No rookie in the NFL this year has a steeper learning curve to climb than Erik Swoope, who has never—not in college, high school or any other level—played organized football. Yet despite the tall task that stands in front of him—trying to make a roster at the highest level of a sport he has no experience playing—he has already managed to make positive impressions in offseason workouts.
By signing Swoope to their 90-man preseason roster, the Indianapolis Colts took a low-risk flier on an intriguing athlete in hopes that he can become the next player to make the transition from college basketball standout to NFL tight end.
A 6’5” tight end with impressive vertical ability, Swoope has the physical traits that teams covet at his position, but none of that matters if he can’t translate them to the football field.
Thus far, his rapid progress has impressed Colts decision-makers, including coach Chuck Pagano, according to Kevin Bowen of Colts.com.
"To be able to just break a huddle, get in a stance, run the routes that he ran, catch the balls that he caught, I mean, off the charts, exceeded our expectations way beyond anything that you’d ever imagine for a guy that never played," Pagano said of the rookie.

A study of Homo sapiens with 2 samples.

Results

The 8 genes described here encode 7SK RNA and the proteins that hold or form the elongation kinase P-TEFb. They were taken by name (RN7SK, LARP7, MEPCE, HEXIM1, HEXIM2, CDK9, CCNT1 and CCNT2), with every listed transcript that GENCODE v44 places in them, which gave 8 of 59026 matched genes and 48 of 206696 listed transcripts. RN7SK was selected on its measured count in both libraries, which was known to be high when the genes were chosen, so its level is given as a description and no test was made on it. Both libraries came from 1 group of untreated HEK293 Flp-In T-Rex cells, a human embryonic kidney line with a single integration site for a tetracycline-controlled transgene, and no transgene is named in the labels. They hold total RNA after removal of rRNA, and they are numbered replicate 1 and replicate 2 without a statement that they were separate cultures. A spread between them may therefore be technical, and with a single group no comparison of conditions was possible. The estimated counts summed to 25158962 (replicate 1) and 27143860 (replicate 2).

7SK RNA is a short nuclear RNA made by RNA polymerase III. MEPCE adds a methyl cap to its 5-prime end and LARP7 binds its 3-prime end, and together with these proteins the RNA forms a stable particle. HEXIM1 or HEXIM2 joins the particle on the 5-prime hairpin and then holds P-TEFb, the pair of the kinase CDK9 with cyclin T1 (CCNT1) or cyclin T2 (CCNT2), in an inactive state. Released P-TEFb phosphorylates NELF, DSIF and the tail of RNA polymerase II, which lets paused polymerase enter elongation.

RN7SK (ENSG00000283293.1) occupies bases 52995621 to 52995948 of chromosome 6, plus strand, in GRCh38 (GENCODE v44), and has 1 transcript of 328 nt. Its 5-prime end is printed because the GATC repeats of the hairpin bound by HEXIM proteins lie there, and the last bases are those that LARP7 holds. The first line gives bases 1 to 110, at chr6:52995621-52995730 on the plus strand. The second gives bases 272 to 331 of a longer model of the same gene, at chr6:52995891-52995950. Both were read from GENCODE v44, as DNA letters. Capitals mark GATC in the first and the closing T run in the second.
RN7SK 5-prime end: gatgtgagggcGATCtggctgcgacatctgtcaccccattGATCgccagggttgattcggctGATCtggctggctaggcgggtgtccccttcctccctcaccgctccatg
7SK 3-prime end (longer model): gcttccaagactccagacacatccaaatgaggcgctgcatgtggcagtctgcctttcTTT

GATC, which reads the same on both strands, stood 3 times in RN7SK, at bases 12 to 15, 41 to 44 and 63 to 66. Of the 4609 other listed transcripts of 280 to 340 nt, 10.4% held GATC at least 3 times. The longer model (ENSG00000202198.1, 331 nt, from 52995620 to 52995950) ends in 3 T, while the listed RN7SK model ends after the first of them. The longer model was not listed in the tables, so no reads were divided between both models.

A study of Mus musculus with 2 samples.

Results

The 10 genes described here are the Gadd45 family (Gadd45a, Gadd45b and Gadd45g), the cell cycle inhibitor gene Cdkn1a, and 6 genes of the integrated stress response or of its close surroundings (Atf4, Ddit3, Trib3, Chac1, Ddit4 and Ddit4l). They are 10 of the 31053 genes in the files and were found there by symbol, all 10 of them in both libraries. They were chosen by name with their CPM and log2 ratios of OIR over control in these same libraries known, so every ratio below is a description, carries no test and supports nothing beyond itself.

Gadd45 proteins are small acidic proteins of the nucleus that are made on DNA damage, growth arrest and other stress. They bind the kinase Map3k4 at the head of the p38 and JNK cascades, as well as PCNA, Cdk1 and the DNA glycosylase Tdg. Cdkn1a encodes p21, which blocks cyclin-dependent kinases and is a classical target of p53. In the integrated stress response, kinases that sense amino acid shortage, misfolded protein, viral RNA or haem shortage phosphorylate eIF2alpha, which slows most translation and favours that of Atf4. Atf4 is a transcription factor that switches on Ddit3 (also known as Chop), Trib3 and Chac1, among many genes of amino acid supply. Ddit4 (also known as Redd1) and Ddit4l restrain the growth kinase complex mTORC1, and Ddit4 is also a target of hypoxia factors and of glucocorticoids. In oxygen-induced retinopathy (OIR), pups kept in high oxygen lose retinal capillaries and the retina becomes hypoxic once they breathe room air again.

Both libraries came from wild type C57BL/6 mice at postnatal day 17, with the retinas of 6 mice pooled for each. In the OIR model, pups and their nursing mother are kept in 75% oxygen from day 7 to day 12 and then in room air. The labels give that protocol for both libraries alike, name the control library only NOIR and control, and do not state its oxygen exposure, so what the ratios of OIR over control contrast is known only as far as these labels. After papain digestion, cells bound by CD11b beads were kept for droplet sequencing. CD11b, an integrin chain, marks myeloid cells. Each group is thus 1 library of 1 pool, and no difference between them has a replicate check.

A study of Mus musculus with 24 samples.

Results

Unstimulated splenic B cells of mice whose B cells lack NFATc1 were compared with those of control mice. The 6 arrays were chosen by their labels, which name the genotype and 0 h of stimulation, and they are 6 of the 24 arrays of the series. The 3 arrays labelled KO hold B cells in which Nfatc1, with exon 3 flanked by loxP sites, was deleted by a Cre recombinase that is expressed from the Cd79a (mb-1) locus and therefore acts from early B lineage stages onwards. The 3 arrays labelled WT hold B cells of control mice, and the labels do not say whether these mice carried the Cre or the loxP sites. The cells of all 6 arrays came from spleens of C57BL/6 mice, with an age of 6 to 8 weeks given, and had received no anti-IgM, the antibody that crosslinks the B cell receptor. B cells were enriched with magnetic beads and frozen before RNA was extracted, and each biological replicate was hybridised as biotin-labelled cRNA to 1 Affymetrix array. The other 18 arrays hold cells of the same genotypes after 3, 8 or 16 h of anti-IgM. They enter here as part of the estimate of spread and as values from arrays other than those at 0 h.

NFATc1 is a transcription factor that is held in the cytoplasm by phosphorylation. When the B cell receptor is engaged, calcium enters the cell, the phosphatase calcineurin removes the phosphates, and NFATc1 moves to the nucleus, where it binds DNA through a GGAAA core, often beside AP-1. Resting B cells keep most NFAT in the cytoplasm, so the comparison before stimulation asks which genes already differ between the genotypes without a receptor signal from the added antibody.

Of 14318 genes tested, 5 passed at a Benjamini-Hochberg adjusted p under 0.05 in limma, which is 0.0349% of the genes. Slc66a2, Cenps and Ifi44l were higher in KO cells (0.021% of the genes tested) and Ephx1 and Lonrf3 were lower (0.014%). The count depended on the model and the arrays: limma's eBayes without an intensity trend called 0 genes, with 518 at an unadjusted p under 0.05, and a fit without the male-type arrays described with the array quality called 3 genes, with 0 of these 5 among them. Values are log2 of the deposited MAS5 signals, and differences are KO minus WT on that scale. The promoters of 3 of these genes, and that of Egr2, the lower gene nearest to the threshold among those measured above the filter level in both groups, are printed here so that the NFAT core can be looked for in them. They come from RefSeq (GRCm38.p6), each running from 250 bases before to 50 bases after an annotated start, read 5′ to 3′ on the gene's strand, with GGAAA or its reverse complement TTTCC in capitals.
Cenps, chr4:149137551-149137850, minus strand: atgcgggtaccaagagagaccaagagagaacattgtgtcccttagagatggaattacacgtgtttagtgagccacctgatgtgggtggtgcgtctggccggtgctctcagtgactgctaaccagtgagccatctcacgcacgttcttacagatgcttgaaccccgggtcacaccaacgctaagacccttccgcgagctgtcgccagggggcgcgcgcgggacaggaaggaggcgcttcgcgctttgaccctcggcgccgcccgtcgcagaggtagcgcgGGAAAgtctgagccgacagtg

According to NFL Media’s Judy Battista, general manager Ryan Grigson said Swoope's early performance has quelled concerns that he would look like a “fish out of water."
"His burst, his body control, the way he caught the football were all really, really good signs," Grigson said. "You saw raw athletic ability. He's very mature, very businesslike. He was already a pro and he never played. He's wise beyond his years."
Despite his strong start, it’s a huge stretch to expect that he’ll be able to emulate Jimmy Graham, who has become one of the NFL’s elite tight ends but, like Swoope, was a basketball player at the University of Miami before turning his attention to the gridiron.
Listed at just 220 pounds by NFL.com, Swoope is smaller than the archetypal NFL tight end. Looking good in an unpadded practice does not mean that he’ll be able to contribute in a full-contact game against the best football players in the world. Even so, hope is rising in Indianapolis that the Colts just be able to harvest him into a gem.